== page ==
I started my day with a virtual visit to Laval Junior Academy, where I worked with two of Ms. Milea's Grade Seven classes. A year ago -- so on last Deceber 1st -- who would ever have dreamed author would be visiting schools (even local ones) by Zoom and that the students we'd "meet" on our computers would be wearing masks! Our world has certainly changed in a short time! But as I pointed out to the students today, they will have stories to tell about the COVID-19 pandemic for the rest of their lives. When you think about it, young people have a front row seat to history-in-the-making. WHICH IS WHY I TOLD MS. MILEA'S STUDENTS TO TAKE A LOT OF NOTES!!
I'm happy I'll get to work with each of Ms. Milea's English classes twice. That gives me time to review the writing tips I cover in my usual workshops, and also time to discuss the students' story ideas and give them some feedback on their writing.
As usual, I'll share some fun moments from today's workshops. Here goes! I asked the first class to guess how I learned about boxing so I could write my YA novel Straight Punch. Kelly said, "You went to a boxing ring to see what it's like." Luca said, "You interviewed a boxer." Mya said, "You watched videos." Anthony said, "Maybe you have a friend who's a boxer." I told Kelly, Luca, Mya and Anthony they were all correct -- but that I'd done even better research than that -- that I had taken four years of boxing lessons! That's when I heard Anthony call out, "Oh my god!" -- which cracked me up!!
I do believe in doing on-the-spot research whenever possible. Talking about that led me to talking about how writers need to use the five senses -- or at least some of the five! So I was impressed when Ms. Milea explained that in September, these students had worked on poems about the fall, and that they'd had to include sensory details. YES to that writing exercise!!
I also compared writing to cooking (another thing I love to do). I told the students how including TROUBLE in a story gets things moving -- turns up the heat on, for example, spaghetti sauce. (Can you tell I'm in the mood for spaghetti?) I also talked about adding WHAT IF? to the recipe. I ask myself the WHAT IF? question all the time when I am developing a story plot. What if a character, for example. contracts COVID-19 and transmits it to someone she loves? WHAT IF? also helps to get our stories cooking. I asked the students whether any of them are WHAT IF? thinkers. A student named Many said he was. He said, "I think, 'what if I ordered something else at a Greek restaurant?'" Then Ms. Milea added some sensible advice: "When you go to a Greek restaurant, you order everything!"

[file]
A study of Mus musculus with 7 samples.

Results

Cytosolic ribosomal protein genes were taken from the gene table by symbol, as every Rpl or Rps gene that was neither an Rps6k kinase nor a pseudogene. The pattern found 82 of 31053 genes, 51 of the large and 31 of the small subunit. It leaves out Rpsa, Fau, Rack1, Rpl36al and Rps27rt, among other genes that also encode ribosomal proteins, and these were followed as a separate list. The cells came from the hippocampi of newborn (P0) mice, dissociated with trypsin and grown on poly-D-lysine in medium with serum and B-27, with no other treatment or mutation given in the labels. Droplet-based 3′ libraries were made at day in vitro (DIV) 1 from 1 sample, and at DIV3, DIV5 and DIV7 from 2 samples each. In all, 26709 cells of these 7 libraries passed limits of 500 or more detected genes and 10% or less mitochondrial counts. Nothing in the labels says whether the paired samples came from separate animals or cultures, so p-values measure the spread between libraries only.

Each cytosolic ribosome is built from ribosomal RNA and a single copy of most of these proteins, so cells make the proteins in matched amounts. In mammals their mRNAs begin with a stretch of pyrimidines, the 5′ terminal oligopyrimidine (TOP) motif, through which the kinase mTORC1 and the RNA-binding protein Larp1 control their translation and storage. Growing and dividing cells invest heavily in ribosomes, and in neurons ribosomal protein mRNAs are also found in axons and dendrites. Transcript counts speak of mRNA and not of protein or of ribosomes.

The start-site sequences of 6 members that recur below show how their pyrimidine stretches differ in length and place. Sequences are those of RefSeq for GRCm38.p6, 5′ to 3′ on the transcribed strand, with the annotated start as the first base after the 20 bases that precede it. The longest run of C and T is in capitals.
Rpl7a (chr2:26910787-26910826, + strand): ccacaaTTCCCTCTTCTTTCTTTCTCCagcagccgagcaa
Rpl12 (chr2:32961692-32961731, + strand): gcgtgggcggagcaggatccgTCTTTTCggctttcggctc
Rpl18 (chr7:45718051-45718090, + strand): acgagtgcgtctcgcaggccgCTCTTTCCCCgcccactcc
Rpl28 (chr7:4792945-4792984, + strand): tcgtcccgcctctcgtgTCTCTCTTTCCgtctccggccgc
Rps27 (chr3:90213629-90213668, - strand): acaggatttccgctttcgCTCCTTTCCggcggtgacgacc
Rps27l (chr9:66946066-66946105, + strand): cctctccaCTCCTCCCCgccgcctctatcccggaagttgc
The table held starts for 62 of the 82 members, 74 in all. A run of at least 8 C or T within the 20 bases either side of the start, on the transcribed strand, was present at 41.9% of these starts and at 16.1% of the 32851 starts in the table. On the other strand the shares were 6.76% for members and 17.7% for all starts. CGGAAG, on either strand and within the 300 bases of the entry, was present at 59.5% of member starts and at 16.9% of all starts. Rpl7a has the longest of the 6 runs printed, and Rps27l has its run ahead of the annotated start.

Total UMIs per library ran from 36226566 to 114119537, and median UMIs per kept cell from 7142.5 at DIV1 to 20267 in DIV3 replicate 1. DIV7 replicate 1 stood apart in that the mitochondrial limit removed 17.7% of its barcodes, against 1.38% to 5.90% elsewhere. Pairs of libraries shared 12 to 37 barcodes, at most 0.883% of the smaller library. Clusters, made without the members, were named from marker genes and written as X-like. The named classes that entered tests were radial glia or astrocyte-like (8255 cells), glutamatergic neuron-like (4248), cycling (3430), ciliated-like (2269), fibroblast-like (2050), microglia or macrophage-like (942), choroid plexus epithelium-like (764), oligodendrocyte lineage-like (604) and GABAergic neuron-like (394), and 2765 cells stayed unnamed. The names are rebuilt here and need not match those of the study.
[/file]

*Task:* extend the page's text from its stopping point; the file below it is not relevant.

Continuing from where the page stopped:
As I told the students, it's great to add humour to a story -- even to a serious or sad story. (That's why I like to include funny moments in these blog entries.)
The second class I worked with was quieter, but super-focused. At least I think they were super-focused! At the end of my talk, a student named Michael asked, "What inspired you to be a writer?" I told Michael I think the answer is that I have always loved stories. And I still do. I can't seem to stop reading and writing them. I hope if you're one of the young writers I worked with today, or if you are just someone reading this blog, that you are also hooked on stories.
Thanks to Ms. Milea for arranging today's visit, and for not minding that I wanted to "travel" by Zoom. Thanks to the kids for being smart and fun (an excellent combination if you ask me). I'm already looking forward to my second session with you guys!